PSNI to examine report into Hyponatraemia deaths
A dedicated PSNI team is being established to examine a report on Hyponatraemia-related deaths.
In January, an inquiry into the deaths of five children in Northern Ireland found that four of them were avoidable.
Hyponatraemia is a medical condition that occurs when there is a shortage of sodium in the bloodstream.
The damning report was heavily critical of the "self-regulating and unmonitored" health service.
On Friday, the senior police officer who will lead the new team, Det Supt Richard Campbell, said the PSNI is in the process of gathering together "a team of specialist detectives who will focus on taking forward police enquiries following the publication of the inquiry".
He added: "We have been in contact with the families and their representatives and will seek to meet with them over the coming days and weeks as our work progresses."
'Truth dragged out'
In the report, Mr Justice O'Hara was scathing of how the families at the centre of the inquiry were treated in the aftermath of the deaths of the children.
He said that "doctors and managers cannot be relied on to do the right thing at the right time" and that they had to put the public interest before their own reputation.
He also said that some witnesses to the inquiry "had to have the truth dragged out of them".
The report made 96 recommendations, including the establishment of a duty of candour on medical professionals "to tell patients and their families about major failures in care and to give a full and honest explanation".
Earlier on Friday, the Department of Health said "concrete steps" are being taken in response to the inquiry and that it will also establish a team to take forward work on its recommendations.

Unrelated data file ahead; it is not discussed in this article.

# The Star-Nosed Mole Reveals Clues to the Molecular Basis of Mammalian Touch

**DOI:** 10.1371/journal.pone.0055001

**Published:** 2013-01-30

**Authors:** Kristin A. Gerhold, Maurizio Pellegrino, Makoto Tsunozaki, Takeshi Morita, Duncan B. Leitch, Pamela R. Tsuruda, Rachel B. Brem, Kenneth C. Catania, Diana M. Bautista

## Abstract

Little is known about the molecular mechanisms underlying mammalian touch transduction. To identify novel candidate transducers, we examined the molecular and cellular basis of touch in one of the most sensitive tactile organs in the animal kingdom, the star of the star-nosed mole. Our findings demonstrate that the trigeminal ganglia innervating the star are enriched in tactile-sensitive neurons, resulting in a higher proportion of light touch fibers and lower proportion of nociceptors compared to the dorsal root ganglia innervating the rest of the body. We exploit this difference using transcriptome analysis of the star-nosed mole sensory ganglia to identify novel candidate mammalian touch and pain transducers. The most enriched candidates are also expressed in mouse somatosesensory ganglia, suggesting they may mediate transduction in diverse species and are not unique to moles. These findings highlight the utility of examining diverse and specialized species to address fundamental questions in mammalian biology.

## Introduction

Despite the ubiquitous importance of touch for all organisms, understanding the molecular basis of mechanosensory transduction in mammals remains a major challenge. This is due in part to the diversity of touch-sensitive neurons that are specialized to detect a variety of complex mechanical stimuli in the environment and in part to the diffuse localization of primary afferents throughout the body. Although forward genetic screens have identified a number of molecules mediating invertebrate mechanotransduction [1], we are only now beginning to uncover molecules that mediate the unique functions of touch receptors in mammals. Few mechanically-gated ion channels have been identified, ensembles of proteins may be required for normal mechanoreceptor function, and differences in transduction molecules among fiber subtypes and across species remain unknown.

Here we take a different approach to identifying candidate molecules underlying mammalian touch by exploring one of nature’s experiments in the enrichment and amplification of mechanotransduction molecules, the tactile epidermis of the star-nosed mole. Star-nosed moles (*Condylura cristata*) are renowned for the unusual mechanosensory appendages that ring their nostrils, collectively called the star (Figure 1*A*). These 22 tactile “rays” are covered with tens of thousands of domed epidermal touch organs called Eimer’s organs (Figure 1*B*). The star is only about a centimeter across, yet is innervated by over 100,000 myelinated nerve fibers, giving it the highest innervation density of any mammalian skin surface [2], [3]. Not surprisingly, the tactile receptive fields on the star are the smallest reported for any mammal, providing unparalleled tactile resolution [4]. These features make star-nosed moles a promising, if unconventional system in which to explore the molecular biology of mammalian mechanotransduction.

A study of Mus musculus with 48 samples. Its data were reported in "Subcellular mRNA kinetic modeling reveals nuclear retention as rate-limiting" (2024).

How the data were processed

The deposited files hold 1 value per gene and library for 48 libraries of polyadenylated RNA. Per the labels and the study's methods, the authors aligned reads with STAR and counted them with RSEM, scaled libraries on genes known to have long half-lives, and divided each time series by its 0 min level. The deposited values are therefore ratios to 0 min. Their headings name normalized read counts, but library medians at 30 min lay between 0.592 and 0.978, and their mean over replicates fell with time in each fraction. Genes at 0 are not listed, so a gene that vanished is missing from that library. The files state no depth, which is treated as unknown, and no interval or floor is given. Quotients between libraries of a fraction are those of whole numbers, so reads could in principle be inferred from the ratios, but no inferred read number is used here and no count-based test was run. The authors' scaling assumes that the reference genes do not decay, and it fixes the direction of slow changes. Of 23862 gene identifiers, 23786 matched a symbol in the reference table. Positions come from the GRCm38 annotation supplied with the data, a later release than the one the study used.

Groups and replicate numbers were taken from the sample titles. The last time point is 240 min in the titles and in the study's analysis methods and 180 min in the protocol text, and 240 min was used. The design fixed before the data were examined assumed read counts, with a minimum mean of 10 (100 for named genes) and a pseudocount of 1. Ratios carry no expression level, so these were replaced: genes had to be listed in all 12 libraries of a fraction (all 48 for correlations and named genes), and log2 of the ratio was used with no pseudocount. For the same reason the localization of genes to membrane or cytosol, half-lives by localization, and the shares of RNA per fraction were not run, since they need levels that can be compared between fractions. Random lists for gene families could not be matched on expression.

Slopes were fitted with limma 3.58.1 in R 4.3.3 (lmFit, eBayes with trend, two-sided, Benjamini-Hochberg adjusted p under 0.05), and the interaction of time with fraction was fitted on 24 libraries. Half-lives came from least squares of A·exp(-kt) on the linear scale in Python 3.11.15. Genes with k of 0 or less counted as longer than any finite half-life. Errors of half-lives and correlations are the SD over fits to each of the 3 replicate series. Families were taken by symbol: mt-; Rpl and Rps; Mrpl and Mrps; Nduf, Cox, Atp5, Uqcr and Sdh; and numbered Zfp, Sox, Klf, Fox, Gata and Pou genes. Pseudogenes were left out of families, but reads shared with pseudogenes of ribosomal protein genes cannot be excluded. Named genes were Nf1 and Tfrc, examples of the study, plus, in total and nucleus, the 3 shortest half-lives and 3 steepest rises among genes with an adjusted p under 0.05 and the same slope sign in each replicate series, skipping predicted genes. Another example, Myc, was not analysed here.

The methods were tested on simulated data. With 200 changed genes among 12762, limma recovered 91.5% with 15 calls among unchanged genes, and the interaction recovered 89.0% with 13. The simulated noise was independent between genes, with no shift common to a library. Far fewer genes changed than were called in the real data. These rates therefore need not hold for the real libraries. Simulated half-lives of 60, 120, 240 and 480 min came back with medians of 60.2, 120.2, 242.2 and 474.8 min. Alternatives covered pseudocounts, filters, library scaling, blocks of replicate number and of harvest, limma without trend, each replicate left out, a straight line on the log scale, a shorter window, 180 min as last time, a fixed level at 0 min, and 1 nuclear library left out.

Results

It is intended that the team will meet with the families involved.
The department said detailed work had already been undertaken regarding the recommendation that an independent medical examiner service should be established.
It added that the establishment of a "legal duty of candour" would be a key priority, but that ultimately, "ministerial approval and legislation will be required to deliver a permanent solution for both".
"Significant work will be carried out to scope these and other recommendations and to draft options for implementation."
Permanent secretary of the department of health, Richard Pengelly, said: "We want to closely involve the families in every stage of the process and to assure them on the actions being taken and the priority attached to that work."
Marie Ferguson, whose daughter, Raychel was one of the children at the centre of the inquiry told BBC Radio Foyle that the families would accept "nothing less" than all 96 recommendations being put in place.
"We've got the truth now from the report, the next thing is accountability," she said.